I'm gonna label this as a My Town Monday Post, but in actuality it has a tighter focus than the town I live. If you've read this blog for anytime at all you know I live in Amarillo, Texas. I have never called anyplace else home although for a number of years I did live out in the boonies, far beyond the city limit signs. These days I am once again a city dweller just as I was for the first 18 years of my life.
Of those first eighteen years, I spent every last one of them living on this street.
My house sat on a corner lot of what I'd describe as a lower middle class neighborhood on the far southeastern corner of Amarillo. It was a great place to grow up. Two blocks to the south a boy found nothing but empty fields. Only a mile or so to the south lay more open country and if we boys dared to chance the ire of the farmer who owned it, there was a small fishing pond we could sneak to and fish. We were close enough to being out of town that the firecrackers stands were but a mere bike ride away and many a day we dug aluminum cans out of the alley dumpsters to provide the funds for our afternoon destruction.
But my street had something unique to the neighborhood. Row after row, street after street for every lot was occupied. The houses had all been built in the late sixties and early seventies and apparently the market had been good but through all of the Oakdale edition there wasn't but one vacant lot -- two houses down and directly across the street from mine.
We played countless games of baseball there. yes breaking the occasional window, yes losing balls to backyards to dogs and grouchy old men we feared.
We played football there despite the fact there were more goatheads and stickers than blades of grass.
We settled our differences with our fists the way boys used to do. No one ran home for a weapon or to have their parents file a restraining order. My short memoir piece titled The Hard Way and first published with Opium Magazine was set at the vacant lot.) click here to read it.
We played demolition derby with our dirt bikes on that lot. The object of that game was the run into and crash your friend without putting your foot down. The last person riding who hadn't put a foot down was the winner. Yeah we spent a lot of time repairing bent chain sprockets, patching the tubes from those goatheads, and denying we put our foot down.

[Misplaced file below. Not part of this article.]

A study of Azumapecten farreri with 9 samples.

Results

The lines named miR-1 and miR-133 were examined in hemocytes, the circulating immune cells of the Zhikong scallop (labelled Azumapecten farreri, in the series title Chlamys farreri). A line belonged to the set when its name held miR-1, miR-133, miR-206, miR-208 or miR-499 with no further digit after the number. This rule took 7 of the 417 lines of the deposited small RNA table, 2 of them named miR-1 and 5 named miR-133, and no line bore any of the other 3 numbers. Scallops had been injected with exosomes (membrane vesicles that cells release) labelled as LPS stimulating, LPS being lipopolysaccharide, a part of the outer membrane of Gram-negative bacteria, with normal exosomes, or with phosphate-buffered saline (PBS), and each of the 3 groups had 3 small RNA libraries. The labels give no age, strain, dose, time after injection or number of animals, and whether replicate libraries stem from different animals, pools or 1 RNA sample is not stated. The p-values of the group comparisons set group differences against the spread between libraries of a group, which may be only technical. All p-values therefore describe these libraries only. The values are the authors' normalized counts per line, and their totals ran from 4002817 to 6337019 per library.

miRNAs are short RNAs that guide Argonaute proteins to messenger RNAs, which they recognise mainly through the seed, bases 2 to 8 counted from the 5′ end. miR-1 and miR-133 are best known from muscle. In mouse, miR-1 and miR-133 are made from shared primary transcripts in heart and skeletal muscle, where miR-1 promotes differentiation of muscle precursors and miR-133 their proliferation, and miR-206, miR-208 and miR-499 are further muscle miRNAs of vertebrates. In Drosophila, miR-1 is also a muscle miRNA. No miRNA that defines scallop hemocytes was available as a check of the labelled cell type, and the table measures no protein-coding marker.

I made friends at that lot.
I made enemies there too.
At least enemies in the sense that you have them at the age of 9 ... 10 ... or 11
My buddy Jason and I waged a war on the red ants that continually claimed the dirt lot for themselves. We mixed concoctions from the chemicals we found in my garage and in truth it's a miracle none of them ever blew up or asphyxiated us. Some of them were smoking and bubbling as we poured them into the anthill despite the fact they had no heat source. Please of you work for the EPA disregard anything I have typed here.
Sometimes we got lucky and found a horny toad who'd come to the lot to dine on the many ants. No, we never actually got on the spit blood from it's eyes though we certainly tried.
I shed a tons of body fluid on that lot. From pints of blood in the fights, bicycle demolition derby, and tackle football games, buckets of sweat from playing out in the 100 degree summertime heat, and yes even salty tears when things didn't go my way.
But last week, I had my saddest moment ever in regards to that vacant lot. You see my dad still lives in the house I grew up in and when I pulled up and looked down the street this is what I spied ...Forty years after the first house on the block was built and nearly that many since any of them were built, SOMEONE has built over every the hallowed ground of my childhood.
Here is what it looks like from the driveway of my old house.
The site of that lot covered up is both foreign and odd to me. I am 37 years old father of two, but in many ways seeing that freshly framed and bricked house makes me for the first time feel like childhood is over, never to be reclaimed.
It is highly doubtful that me and all my old pals from the neighborhood ever would have ever stepped foot on that rough, uneven lot together again, much less broke out the BMXs or footballs, but I felt better knowing that there was at least a chance. And I hope like hell the people take good care of my red ants.
For more My Town Monday posts from all over the globe, or to join in with one of your own please visit the My Town Monday site.